Let us get a few things straight. Derry Irvine's alleged mistake was to have answered a question put to him by a journalist. He was asked how entrenching the right to privacy of the European Convention on Human Rights in British law would have affected the case of Robin Cook and his secretary. It was a serious question and he gave a serious answer. He did not pause to think, "I wonder what the tabloids will make of this?" It is hypocritical, therefore, for those who bemoan politicians' unwillingness to engage in intelligent and open public debate to accuse Lord Irvine of lacking "political judgement".
It was not only journalists who were unfairly critical. Indeed, it was the Prime Minister's official spokesman who turned a small "Irvine gags press" story into a big "Blair slaps down mentor" story. Of course, as the spokesman repeated yesterday, the timing of Lord Irvine's remarks was not helpful. Good. We want more politicians capable of answering questions at times when the spin doctors do not want them asked, even if their answers take them "off message".
Much of the press reaction to the Lord Chancellor's interview was, in any case, based on a misunderstanding. He talked of strengthening the rules on privacy operated by the Press Complaints Commission (PCC), with a power to impose fines of up to pounds 10,000. Far from increasing the scope of the law, this was specifically intended to avert the need for the courts to rule on issues of privacy.
The fact is that we have a privacy law already, called Article 8 of the European Convention. This sets out the right to respect for "private and family life", including one's home and correspondence, which must not be interfered with by "public authorities". Although the convention does not give individuals the power to enforce this right to privacy against the media directly, there is an obligation on regulatory bodies such as the PCC, even if they are not government agencies. And there is a more general obligation on government itself to safeguard the right to privacy.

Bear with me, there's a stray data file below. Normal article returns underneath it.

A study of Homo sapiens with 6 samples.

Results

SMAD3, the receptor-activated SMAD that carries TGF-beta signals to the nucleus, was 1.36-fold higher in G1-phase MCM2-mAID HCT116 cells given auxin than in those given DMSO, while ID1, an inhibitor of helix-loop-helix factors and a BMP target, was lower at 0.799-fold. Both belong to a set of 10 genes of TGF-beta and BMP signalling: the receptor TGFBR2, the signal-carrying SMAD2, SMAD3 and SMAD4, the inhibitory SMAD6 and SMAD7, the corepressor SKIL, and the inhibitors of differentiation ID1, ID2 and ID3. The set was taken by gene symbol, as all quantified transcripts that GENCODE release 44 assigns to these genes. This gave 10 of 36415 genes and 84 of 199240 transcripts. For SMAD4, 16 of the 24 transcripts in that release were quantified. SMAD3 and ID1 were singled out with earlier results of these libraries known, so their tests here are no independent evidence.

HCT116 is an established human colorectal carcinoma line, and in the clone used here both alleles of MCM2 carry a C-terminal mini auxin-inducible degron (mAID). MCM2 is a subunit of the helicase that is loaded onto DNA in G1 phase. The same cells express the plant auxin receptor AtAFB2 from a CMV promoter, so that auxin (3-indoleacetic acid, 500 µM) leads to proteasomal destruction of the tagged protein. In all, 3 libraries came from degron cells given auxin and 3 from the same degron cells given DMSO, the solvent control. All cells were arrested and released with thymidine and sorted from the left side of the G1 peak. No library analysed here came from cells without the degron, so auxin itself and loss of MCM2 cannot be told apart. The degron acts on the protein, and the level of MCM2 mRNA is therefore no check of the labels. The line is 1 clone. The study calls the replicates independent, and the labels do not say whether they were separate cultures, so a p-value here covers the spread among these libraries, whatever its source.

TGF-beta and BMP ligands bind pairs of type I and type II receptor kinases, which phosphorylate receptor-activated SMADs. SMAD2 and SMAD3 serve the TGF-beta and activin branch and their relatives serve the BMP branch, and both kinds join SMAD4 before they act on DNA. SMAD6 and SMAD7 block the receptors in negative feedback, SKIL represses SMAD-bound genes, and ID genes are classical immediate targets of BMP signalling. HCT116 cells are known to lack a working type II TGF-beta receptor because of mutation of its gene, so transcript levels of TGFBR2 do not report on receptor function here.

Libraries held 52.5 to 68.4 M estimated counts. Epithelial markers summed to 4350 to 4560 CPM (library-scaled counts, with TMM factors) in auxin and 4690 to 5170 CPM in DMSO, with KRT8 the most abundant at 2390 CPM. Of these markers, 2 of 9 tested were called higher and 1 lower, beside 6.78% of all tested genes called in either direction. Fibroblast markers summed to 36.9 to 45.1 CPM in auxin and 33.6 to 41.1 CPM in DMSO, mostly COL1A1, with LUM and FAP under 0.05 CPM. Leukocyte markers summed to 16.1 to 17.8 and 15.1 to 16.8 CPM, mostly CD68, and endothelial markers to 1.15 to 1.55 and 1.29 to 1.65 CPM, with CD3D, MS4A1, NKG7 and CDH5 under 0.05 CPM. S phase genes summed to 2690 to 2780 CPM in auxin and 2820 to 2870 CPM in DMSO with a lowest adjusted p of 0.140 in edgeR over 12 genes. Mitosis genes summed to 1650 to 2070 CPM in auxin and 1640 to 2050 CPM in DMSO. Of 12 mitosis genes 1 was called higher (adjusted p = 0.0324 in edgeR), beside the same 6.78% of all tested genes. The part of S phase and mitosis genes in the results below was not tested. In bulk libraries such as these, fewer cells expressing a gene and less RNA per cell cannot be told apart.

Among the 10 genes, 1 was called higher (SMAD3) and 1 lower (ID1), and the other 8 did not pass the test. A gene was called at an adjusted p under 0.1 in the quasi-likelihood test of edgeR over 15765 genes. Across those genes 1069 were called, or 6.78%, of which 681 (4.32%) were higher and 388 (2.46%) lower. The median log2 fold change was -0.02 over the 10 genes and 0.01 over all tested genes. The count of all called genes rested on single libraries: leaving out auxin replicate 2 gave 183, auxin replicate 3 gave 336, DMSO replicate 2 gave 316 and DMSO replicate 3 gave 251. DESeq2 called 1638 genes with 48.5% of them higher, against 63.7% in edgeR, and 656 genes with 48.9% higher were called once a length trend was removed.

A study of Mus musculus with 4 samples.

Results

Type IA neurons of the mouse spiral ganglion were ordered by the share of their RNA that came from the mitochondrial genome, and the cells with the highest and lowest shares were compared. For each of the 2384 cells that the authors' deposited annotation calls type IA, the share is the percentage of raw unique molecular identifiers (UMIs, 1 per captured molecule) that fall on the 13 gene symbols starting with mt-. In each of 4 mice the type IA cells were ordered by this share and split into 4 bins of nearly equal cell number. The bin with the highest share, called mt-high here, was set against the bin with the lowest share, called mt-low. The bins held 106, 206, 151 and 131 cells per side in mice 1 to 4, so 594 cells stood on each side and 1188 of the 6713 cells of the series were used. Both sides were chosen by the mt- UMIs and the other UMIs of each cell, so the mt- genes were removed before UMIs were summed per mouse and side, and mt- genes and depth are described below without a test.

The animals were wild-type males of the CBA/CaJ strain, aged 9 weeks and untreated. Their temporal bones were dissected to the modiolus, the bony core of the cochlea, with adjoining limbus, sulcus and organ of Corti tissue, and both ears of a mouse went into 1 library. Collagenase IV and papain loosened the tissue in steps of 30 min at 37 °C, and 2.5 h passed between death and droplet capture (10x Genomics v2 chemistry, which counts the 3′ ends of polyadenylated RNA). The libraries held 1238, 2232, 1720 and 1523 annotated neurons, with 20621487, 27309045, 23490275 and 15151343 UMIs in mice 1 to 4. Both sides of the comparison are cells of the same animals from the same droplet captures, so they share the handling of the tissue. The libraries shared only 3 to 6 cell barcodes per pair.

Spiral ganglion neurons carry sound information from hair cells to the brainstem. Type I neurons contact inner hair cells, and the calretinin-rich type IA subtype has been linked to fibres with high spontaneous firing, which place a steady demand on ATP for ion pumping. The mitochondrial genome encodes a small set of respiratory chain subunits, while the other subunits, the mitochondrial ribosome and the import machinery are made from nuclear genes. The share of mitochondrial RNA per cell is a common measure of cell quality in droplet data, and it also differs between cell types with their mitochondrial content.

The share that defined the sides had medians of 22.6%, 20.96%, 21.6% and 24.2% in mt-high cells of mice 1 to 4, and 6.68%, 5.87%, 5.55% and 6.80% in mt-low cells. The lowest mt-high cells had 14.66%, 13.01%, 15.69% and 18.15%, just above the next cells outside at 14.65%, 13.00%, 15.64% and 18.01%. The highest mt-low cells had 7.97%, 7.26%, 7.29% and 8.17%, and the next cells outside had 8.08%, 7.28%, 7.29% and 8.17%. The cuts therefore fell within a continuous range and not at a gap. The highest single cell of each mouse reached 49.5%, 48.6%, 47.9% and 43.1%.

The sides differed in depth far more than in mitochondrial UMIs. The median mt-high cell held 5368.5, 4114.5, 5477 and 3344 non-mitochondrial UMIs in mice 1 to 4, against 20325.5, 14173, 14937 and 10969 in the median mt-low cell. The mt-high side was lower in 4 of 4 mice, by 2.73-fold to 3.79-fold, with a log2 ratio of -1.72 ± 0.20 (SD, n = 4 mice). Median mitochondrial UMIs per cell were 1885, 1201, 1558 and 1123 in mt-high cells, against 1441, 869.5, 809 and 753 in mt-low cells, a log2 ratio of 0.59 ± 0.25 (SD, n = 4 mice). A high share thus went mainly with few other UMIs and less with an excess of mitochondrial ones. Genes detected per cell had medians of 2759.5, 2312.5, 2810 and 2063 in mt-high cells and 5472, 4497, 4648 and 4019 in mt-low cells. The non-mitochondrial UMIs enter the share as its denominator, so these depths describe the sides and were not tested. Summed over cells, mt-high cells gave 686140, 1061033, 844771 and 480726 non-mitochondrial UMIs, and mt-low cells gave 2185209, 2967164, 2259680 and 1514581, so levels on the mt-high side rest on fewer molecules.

Lord Irvine is about to make this right more tangible by making it enforceable in British courts, rather than requiring citizens to turn to Strasbourg. That is strongly supported by this newspaper and almost the entire spectrum of liberal opinion. It is odd, therefore, that some liberal commentators are the most exercised by the alleged imposition of statutory controls on a free press.
The Lord Chancellor may not have been wise to talk so casually of the PCC devising a mechanism of "prior restraint" to stop newspapers before they publish something which is an unjustified invasion of privacy. The phrase is as old and as sacred as the idea of freedom of the press, which, according to Blackstone in 1765, "consists in laying no previous restraints upon publications, and not in freedom from censure for criminal matter when published".
However, as David Aaronovitch pointed out in these pages yesterday, this is not a principle which should be elevated to theology. There is little point in having a right to privacy if you can enforce it only after the damage has been done. But prior restraint is something which should only be considered, as with injunctions for libel, in cases where there is an overwhelming public-interest argument against publication.
This is where Lord Irvine did stray into error. He said that the PCC should have ordered the News of the World not to report the Foreign Secretary's affair. Now, it would be right to argue that a newspaper should not have published the story. We do not think that it is right for photographers to stake out someone's flat in order to obtain proof of marital infidelity. Lord Irvine asked, rhetorically: "What public interest is there in disclosing that?" At the time of publication, there was none. Although, when it emerged that Mr Cook had sacked his diary secretary and thought about appointing Gaynor Regan in her place, a kind of posthumous case could be made.
But there is a larger issue. We may disapprove of what the News of the World did, but that is not the same as saying that it should be prevented by law from doing it. In the scale of human rights, that of privacy (Article 8) should be balanced by that of freedom of expression (Article 10). If the Case of the Foreign Secretary's Secretary had been tested against the European Convention, free speech would weigh heavier than privacy. Lord Irvine even admitted that the courts would be "unlikely to grant an injunction in favour of any public figure" - in which case, why did he think the PCC should impose prior restraint?
On this point Lord Irvine may have been wrong, but the argument is finely balanced, difficult and important. He should be praised rather than vilified for engaging in it.